Anonymous, 22 Jan 2020

Cutting the Fuse offers a wealth of new knowledge about the origins of suicide terrorism and strategies to stop it. Robert A. Pape and James K. Feldman have examined every suicide terrorist attack worldwide from 1980 to 2009. Their work fundamentally changes how we understand the root causes of the most important terrorist campaigns today and reveals why the War on Terror has been ultimately counterproductive.

Online Suicide Attack Database Presented at Conference in DC

The Chicago Project on Security and Terrorism (CPOST) newly updated its online Suicide Attack Database. The team is directed by Robert A. Pape from the University of Chicago, who recently presented his findings, based on data produced by a six-year study of suicide terrorist attacks around the world, at the conference Cutting the Fuse: Moving Beyond the War on Terror at the Capitol Hill in Washington, D.C. on October 12, 2010. He argued that the suicide terrorism was essentially driven by lengthy military occupations rather than a religious motivation. The video of his speech is available via C-SPAN.

Controversial Shooter Video Game Placed in Somalia

Teyon, a Polish video game developer and producer from Krakow, has recently released a new arcade on-rails shooter "Heavy Fire: Special Operations" for Nintendo's WiiWare. Taking place during a fictional conflict in Somalia with the aim to shoot "rebels who spread terror and fear," the game has already caused controversies among video game players and reviewers, criticizing it for reinforcing stereotypes of Arabs and Muslims.

New Book: The Digital Origins of Dictatorship and Democracy: Information Technology and Political Islam

This book looks at the role that communications technologies play in advancing democratic transitions in Muslim countries. As such, its central question is whether technology holds the potential to substantially enhance democracy. Certainly, no democratic transition has occurred solely because of the internet. But, as Philip Howard argues, no democratic transition can occur today without the internet. According to Howard, the major (and perhaps only meaningful) forum for civic debate in most Muslim countries today is online. Activists both within diasporic communities and within authoritarian states, including Iran, Saudi Arabia and Pakistan, are the drivers of this debate, which centers around issues such as the interpretation of Islamic texts, gender roles, and security issues. Drawing upon material from interviews with telecommunications policy makers and activists in Azerbaijan, Egypt, Tajikistan and Tanzania and a comparative study of 74 countries with large Muslim populations, Howard demonstrates that these forums have been the means to organize activist movements that have lead to successful democratic insurgencies.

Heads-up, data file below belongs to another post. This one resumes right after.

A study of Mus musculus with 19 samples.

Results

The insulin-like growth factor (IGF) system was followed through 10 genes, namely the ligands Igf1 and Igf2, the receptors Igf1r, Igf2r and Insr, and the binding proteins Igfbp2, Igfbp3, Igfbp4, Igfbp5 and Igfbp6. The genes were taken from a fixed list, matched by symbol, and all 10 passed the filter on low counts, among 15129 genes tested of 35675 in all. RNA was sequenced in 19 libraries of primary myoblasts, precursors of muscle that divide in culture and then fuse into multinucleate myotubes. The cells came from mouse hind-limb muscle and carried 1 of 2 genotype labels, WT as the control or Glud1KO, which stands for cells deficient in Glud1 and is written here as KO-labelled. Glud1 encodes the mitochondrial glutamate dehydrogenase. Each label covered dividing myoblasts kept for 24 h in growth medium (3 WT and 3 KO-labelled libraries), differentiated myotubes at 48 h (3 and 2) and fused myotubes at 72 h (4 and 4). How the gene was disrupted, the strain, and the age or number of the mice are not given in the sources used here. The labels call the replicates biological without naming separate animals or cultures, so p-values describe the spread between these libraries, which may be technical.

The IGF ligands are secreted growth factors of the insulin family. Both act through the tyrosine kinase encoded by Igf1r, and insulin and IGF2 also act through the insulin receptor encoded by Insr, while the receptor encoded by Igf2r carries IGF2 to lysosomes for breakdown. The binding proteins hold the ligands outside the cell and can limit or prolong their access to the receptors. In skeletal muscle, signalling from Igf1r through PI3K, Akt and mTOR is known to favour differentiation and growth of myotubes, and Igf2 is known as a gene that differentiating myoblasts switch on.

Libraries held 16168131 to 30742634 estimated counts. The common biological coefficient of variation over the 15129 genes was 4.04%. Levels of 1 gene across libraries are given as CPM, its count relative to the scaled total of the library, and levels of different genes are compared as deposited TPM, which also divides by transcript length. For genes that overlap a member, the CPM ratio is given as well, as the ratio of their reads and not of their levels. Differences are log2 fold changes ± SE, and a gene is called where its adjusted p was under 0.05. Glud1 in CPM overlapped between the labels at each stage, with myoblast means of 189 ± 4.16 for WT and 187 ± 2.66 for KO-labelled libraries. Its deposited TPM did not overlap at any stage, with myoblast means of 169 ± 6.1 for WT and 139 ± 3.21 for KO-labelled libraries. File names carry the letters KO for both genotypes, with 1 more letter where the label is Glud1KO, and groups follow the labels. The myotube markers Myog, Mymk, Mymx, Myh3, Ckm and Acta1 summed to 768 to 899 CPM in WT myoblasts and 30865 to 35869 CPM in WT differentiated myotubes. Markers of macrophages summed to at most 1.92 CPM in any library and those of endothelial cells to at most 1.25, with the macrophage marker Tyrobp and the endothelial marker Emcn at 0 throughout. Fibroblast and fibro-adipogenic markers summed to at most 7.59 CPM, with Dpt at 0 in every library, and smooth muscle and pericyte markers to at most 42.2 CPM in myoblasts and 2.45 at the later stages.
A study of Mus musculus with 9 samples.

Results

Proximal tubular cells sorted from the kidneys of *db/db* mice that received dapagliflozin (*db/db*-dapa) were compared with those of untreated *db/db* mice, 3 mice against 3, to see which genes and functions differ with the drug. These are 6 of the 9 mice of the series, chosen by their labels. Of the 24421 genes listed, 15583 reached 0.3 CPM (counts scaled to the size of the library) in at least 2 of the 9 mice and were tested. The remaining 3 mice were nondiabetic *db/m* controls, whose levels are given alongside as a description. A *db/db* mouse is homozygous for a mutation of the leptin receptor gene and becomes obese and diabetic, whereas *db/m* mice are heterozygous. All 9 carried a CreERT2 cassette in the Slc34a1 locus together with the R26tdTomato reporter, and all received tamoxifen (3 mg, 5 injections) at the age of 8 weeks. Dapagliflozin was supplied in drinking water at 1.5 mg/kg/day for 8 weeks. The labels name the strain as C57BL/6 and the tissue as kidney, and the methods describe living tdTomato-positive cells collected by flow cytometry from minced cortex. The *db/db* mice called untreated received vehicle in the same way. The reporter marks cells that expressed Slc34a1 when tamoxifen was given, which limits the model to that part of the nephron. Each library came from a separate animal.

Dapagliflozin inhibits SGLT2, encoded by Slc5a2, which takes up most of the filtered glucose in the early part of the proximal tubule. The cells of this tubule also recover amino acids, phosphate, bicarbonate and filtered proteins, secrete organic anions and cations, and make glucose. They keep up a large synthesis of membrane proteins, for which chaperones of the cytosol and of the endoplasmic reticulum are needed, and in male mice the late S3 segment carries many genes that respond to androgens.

New Directions in Middle East and North African Studies Symposium

On May 20-21, the Middle East and North African Studies Working Group (MENA) will host a two-day symposium entitled "New Directions in Middle East and North African Studies." The event, open to the public, features scholars working in various disciplines and time periods of Middle East studies, each in his or her own way bringing unique or paradigm shifting approaches to their discipline and the field at large.
Ismail, Faranaaz, Muslim Websites in South Africa – A Critical Review. ARISA, Vol. 4, 2001 abstract PDF
Haron, Muhammed, South African Muslims’ Venture into Cyberspace. ARISA, Vol. 6, 2003 abstract PDF

Mapping the Global Muslim Population

The Pew Forum on Religion and Public Life has published a comprehensive demographic study of more than 200 countries which offers the most up-to-date and fully sourced estimates of the size and distribution of the worldwide Muslim population, including sectarian identity. It finds that there are 1.57 billion Muslims of all ages living in the world today, representing 23% of an estimated 2009 world population of 6.8 billion. The full report is accessible online.
Noman, Helmi; Zarwan, Elijah, Middle East and North Africa. Cambridge, MA: OpenNet Initiative, The Berkman Center for Internet and Society, 2007. abstract full text

CAMRI African and Arab Media conference

Media research to date has largely neglected the fast growing and diverse media audiences in African and Arab countries. Blogs, chatrooms, social networking sites, and the use of SMS indicate that African and Arab audiences are highly active in sending and receiving messages in innovative ways. This conference, organised by the University of Westminster's Communication and Media Research Institute (CAMRI), will explore this activity, taking in the old, the new, and processes of change and transformation. It draws on the combined resources of CAMRI's African Media Series, Arab Media Centre and Audiences Group. It focuses on media use and media users in two overlapping regions, where the culture and politics of former colonial powers have combined with internal influences to shape the audience experience in particular ways.